We have seen how Bohr’s postulate accounted for the quantization of energy. Let us now take a look at how Schrödinger’s theory does it.
We begin by observing that if the potential V is independent of time, the Schrödinger equation (2.3.7) has solutions of the form ψ(x,y,z,t) = Ψ(x,y,z)[1:−ωt], where Ψ(x,y,z) is (obviously) independent of time. (You may want to pay attention to the difference between ψ and Ψ.) These solutions are stationary in the sense that the probabilities defined by ψ(x,y,z,t) are independent of time. Inserting such a solution into Eq. (2.3.7) yields the time-independent Schrödinger equation:
(2.5.1) EΨ = −(ℏ2/2m) [(∂x)2 + (∂y)2 + (∂z)2]Ψ + VΨ.
Returning to one spatial dimension, we cast Eq. (2.5.1) into the following form:
(2.5.2) (∂x)2Ψ = AΨ with A = (2m/ℏ2)(V − E).
Because Eq. (2.5.2) does not contain any complex numbers (apart from, possibly, Ψ itself), it has real-valued solutions. So let us assume that Ψ is real.
The first thing we notice is that if V is greater than E then Ψ and (∂x)2Ψ have the same sign, and if E is greater than V then Ψ and (∂x)2Ψ have opposite signs. To see what this means, we need to know a bit more about the operator ∂x. If we plug in the function Ψ(x), out pops another function Ψ’(x):
Ψ’(x) = ∂xΨ(x).
Its value at any particular place x equals the slope of Ψ(x) at that place, and this equals the slope of the tangent on the graph of Ψ at that place. (The slope of a straight line such as this tangent tells us how steeply it ascends or, if negative, descends from left to right.)
The operator (∂x)2Ψ = ∂x (∂xΨ) = ∂xΨ’, accordingly, yields the slope of the slope of Ψ. What does this mean? Simply, if the slope of the slope of Ψ is positive, the slope of Ψ increases (from left to right), and the graph of Ψ curves upward as a result. Similarly, if the the slope of the slope of Ψ is negative, the slope of Ψ decreases (from left to right), and the graph of Ψ curves downward as a result.
Thus if Ψ and (∂x)2Ψ have the same sign, the graph of Ψ curves upward wherever Ψ is positive (that is, where its graph lies above the x-axis), and it curves downward wherever Ψ is negative (that is, where its graph lies below the x-axis). In either case it bends away from the x-axis. On the other hand, if Ψ and (∂x)2Ψ have opposite signs, the graph of Ψ curves downward wherever Ψ is positive, and it curves upward wherever Ψ is negative. In either case it bends toward the x-axis.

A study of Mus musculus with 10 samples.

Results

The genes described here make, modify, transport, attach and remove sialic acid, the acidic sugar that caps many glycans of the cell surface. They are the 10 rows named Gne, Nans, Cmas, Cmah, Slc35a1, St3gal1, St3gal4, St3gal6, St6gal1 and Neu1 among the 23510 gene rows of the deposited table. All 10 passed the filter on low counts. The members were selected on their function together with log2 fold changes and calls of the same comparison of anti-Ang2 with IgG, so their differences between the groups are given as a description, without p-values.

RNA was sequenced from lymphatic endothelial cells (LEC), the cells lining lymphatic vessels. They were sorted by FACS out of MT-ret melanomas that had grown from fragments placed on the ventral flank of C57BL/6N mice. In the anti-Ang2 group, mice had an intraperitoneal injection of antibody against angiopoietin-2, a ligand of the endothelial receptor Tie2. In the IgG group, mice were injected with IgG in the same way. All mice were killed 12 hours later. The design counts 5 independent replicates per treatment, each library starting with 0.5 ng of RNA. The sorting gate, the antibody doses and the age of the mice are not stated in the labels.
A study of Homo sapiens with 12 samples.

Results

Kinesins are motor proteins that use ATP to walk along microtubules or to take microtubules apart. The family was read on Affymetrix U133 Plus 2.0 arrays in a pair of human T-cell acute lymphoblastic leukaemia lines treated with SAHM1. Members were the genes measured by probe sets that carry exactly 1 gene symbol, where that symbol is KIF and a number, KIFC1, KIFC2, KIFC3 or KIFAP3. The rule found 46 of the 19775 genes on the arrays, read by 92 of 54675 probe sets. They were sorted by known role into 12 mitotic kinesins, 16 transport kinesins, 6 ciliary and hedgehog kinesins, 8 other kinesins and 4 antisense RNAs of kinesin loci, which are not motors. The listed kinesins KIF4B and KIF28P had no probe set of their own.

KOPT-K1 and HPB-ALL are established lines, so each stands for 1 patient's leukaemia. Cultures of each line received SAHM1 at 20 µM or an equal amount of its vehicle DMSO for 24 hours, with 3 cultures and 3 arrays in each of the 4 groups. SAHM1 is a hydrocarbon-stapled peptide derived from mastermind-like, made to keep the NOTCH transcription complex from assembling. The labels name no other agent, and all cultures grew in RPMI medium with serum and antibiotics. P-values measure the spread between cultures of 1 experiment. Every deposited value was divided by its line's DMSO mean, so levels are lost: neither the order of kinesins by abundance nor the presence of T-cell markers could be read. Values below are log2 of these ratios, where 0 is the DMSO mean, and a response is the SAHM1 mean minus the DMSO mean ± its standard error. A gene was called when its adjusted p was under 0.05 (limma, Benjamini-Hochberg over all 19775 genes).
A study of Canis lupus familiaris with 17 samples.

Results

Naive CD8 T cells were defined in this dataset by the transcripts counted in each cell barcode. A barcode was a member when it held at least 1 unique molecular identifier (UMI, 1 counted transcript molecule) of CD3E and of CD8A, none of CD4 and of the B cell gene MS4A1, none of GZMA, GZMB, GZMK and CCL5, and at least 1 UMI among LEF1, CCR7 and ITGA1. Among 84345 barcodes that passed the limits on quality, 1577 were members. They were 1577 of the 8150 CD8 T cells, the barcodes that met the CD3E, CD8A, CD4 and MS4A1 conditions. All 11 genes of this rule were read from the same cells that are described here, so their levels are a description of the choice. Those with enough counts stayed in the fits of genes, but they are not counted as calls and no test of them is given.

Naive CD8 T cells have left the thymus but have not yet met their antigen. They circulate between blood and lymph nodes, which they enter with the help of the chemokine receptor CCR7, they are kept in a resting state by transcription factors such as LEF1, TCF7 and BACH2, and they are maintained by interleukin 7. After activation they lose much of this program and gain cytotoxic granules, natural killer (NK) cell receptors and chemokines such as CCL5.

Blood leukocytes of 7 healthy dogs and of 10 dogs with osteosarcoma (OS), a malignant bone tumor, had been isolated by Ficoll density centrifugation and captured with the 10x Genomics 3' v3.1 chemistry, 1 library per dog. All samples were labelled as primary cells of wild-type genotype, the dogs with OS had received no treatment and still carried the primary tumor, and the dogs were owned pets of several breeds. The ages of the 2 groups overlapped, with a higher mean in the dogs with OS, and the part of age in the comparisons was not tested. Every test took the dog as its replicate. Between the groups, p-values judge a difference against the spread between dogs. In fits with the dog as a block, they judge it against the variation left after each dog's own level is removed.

So if V is greater than E, the graph of Ψ bends away from the x-axis, and if E is greater than V, the graph of Ψ bends toward the x-axis. In the first case it crosses the x-axis at most once; in the second case it keeps crossing and re-crossing the x-axis exactly like a wave.
We are now ready to sketch solutions of Eq. (2.5.2) that describe a particle trapped inside a potential well like that in Fig. 2.5.1. Between x1 and x2, the particle’s total energy E exceeds the potential energy V, and Ψ exhibits wavelike behavior. To the left of x1 and to the right of x2, V exceeds E, and the graph of Ψ bends away from the x-axis. (A classical particle would oscillate back and forth between these two points.)
To obtain a normalized solution (for which the probability of finding the particle anywhere equals unity), we must make sure that the graph of Ψ approaches the x-axis asymptotically in both the limits x→−∞ and x→+∞. Together with the particular form of V(x), these conditions determine both the value and the slope of Ψ at x1 and at x2, and these must be exactly matched by the graph of Ψ between these points. For such a match to occur, the value of E must be exactly right. Once again the possible (“allowed”) energies form a sequence En, starting with n=0, n counting the number of nodes. (Nodes are points at which Ψ crosses the x-axis.)
Let us remind ourselves in concluding of the sense in which the solutions of Fig. 2.5.2 describe a particle trapped inside a potential well. Like every probability algorithm in quantum mechanics, Ψ serves one and only one purpose: to calculate the probabilities of possible measurement outcomes on the basis of actual outcomes (as well as, generally, some classical boundary conditions). Given the potential V (a classical boundary condition), and given a particle whose energy has been found to equal Em, the probability of finding the particle in the interval I between any two points x=a and x=b (provided that the appropriate measurement is made) is
p(I) = ∫(a,b)dx |Ψ(x)|2.
Here the symbol ∫(a,b)dx indicates a summation over the points contained I: each contributes a complex number |ψ(x)|2. The Fourier transform of Ψ(x), on the other hand, allows us to calculate the probability of finding the particle’s momentum in any given interval of the p– or k-axis.